Published in the Civil and Military Gazette (CMG), 15 September 1884, with the signature “E.M.” Pinney in KJ 372, writes of this signature:
The initials stand for “Esau Mull”, a pseudonym that RK had used from May, 1884. It is the most frequently-used of his many pseudonyms, for he typically used it to sign his many “Week in Lahore” columns. A ‘Mull’, short for ‘mulligatawny’, is a slang term for a Madras civil servant. ‘Esau’ presumably stands for ‘exile’.
The poem is further authenticated by its inclusion in Scrapbook 1 of Kipling’s own press cuttings (in the Kipling Papers at the University of Sussex Special Collections). The poem was never collected by Kipling but is to be found in Rutherford (p. 255) and Pinney (p. 1732).
In the 19th Century the Tories were the party of the landed interest and imperial expansion. Under Gladstone, Prime Minister for four terms from 1868, the Liberals were the party of Parliamentary reform, Home Rule for Ireland, and a general interest in greater self-government for the peoples of the Empire.
When he came to office in 1880, Gladstone appointed Ripon, who had a long political career as a Liberal politician, as Viceroy of India, with a brief to give Indians a greater role in governance.This was far from welcome to the Anglo-Indian community who were Kipling’s readers in the Punjab, including his father, Lockwood.
Ripon resigned from his vice-regal appointment before his five years were up. His credibility had been undermined by the prolonged controversy over the Ilbert Bill (which provided for Anglo-Indians to be tried by some Indian judges) and the Government’s eventual capitulation. However, he continued his political career in England in later Liberal administrations.
For other poems by Kipling about the Bill, see “A New Departure” and our notes on the background to the Ilbert Bll. Also “Duet from the Pinafore”.
The poem presents Ripon’s state of mind as a sad, resigned sense of failure, by a beaten man, from a job he has hated. He is leaving early and will be glad to retire to the country at home. His intentions were worthy, but he did not bring it off. No-one in India will regret his passing, nor will he regret leaving a people he has no affection for. He sourly wishes his successor, Lord Dufferin, joy of it.
Kipling’s poem is a parody of “Locksley Hall”, a celebrated poem of disappointed love by Alfred Lord Tennyson. Kipling refers to it with satisfaction in a letter to his Aunt Edith Macdonald on 17 September 1884, saying rather waspishly that it:
…has disturbed the Pioneer, who wanted to say something nasty about Lord Ripon’s retirement, but only came out with a ponderous leader no-one read.
The Pioneer was the senior sister paper to the CMG, and Kipling was transferred to work for it full time in 1887.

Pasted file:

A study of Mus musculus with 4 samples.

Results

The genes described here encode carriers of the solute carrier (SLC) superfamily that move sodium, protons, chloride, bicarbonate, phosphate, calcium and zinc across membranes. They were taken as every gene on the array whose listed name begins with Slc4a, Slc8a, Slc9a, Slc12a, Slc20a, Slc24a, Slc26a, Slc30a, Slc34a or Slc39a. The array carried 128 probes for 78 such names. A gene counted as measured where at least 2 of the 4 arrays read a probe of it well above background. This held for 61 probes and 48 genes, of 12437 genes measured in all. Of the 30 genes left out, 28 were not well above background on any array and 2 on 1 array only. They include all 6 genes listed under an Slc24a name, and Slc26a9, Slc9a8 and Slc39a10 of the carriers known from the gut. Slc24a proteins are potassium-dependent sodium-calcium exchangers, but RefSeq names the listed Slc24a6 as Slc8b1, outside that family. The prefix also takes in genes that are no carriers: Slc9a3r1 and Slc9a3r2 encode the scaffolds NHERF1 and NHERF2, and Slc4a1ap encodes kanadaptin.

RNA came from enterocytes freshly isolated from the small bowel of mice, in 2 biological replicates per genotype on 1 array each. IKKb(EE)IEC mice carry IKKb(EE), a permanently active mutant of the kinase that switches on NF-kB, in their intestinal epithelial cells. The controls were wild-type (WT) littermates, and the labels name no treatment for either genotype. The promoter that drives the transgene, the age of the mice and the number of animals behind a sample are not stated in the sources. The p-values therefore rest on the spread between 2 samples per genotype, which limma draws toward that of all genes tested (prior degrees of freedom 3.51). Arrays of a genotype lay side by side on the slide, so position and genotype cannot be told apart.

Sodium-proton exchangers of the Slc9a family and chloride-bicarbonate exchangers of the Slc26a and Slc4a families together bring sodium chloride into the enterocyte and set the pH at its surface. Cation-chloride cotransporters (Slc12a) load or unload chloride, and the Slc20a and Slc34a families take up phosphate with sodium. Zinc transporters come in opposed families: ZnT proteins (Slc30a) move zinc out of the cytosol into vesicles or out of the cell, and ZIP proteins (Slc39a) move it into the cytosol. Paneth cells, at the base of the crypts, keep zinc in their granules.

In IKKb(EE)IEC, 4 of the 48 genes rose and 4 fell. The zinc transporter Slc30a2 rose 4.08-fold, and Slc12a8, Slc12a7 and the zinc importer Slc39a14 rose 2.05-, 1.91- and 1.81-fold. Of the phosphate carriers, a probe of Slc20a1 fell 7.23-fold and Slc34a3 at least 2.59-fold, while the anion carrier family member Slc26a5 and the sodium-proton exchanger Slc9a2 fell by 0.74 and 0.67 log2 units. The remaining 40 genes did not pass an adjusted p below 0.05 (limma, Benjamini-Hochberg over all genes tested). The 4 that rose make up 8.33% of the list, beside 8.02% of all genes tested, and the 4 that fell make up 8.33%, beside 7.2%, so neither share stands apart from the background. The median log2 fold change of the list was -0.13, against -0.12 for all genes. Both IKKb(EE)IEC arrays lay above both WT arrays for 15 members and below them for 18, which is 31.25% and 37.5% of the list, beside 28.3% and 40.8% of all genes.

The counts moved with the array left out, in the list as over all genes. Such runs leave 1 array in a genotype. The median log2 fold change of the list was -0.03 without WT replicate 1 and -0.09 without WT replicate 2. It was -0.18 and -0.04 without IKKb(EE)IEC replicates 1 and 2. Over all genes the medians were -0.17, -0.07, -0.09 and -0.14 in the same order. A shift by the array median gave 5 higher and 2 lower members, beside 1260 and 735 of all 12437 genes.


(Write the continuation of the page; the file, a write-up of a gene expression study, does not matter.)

Jan Montefiore compares Kipling’s poem with “Locksley Hall”:
The speaker of Tennyson’s poem is a disgruntled lover, jilted when his bride-to-be chooses a rich man, and dourly prophesying misery for her:
He shall hold thee, when his passion shall have spent its novel force
Something better than his dog, a little better than his horse.
And Kipling echoes him:
‘And I held them, when they halted, ‘spite of legislative prog,
Something slower than a snail, a trifle denser than a log’.
In the end, Tennyson’s lover shrugs her off to go and seek his fortune:
‘Let it fall on Locksley Hall, with rain or hail, or fire or snow,
For the mighty wind arises, roaring seaward, and I go.’
The implication is that Ripon, who has likewise (sort of) been rejected by his subjects, leaves India in a similar resentful huff, but bathetically compared with his heroic original :
‘I would wish you joy, dear Duffy, you’ve your work cut out, I know.
But the special train is waiting at Umballa, and I go.’
See also One Viceroy resigns which Kipling wrote in 1888 when Lord Dufferin was handing over to Lord Lansdown.
Notes on the Text
Peterhoff the viceregal residence at Simla.
Calcutta (now Kolkata) the seat of goverment and the site of the strongest opposition to the Ilbert Bill.
swart Utopia Lord Ripon was a Liberal, encouraging educated Indians to take more part in government, hoping to make Utopia – an ideal social state – for the swart (now a racist word) – dark-complexioned.
Babu English-speaking educated Bengali.
Chota Hazri little breakfast, taken in the early morning.
Britannicus pen-name of one of the most strident opponents of the Ilbert Bill in the columns of The Englishman, a Calcutta newspaper.
nuss nurse (to rhyme with Brittanicus).
at nurse being breast-fed.
tamasha entertainment, big occasion.
vis vigour, force (Latin).
cycle of Cathay from Tennyson’s “Locksley Hall”:
Better fifty years of Europe than a cycle of Cathay.
cut my lucky decamped (Cockney slang).
sub chiz the lot, everything (Hindi).
prog a thrust or prod.
Duffy Lord Dufferin, the incoming Viceroy.
Sahib jo hokum what the Sahib orders (will be done).
“Lokil Sluff” a derisive reference, mocking native pronunciation, to Ripon’s policy of fostering political education through Local Self-Government, with elected Municipal Committees with responsibility for sanitation among other things (Rutherford).
entre nous between ourselves (French).
Rent Bill the Bengal Tenancy Bill, thought to favour tenants against landlords.
The Mirror the Indian Mirror was the principal Indian (as opposed to Anglo-Indian) English-language newspaper. The issue for 12 September 1884 carried an article on “The Coming Viceroy” which expressed misgivings about the appointment of Lord Dufferin, but also deep disappointment over Lord Ripon’s inadequacies:
Since the fiasco over the Ilbert Bill, Lord Ripon seems to have sunk into perfect quiescence, showing little or no sign of official vitality from his retreat at Simla.
Chatterjee a common Bengali name, used here for the whole genus of Babus.
red chaprassee red-uniformed office messenger.
Studley Royal Lord Ripon’s Yorkshire estate.
Umballa the railhead for Simla in the 1880s.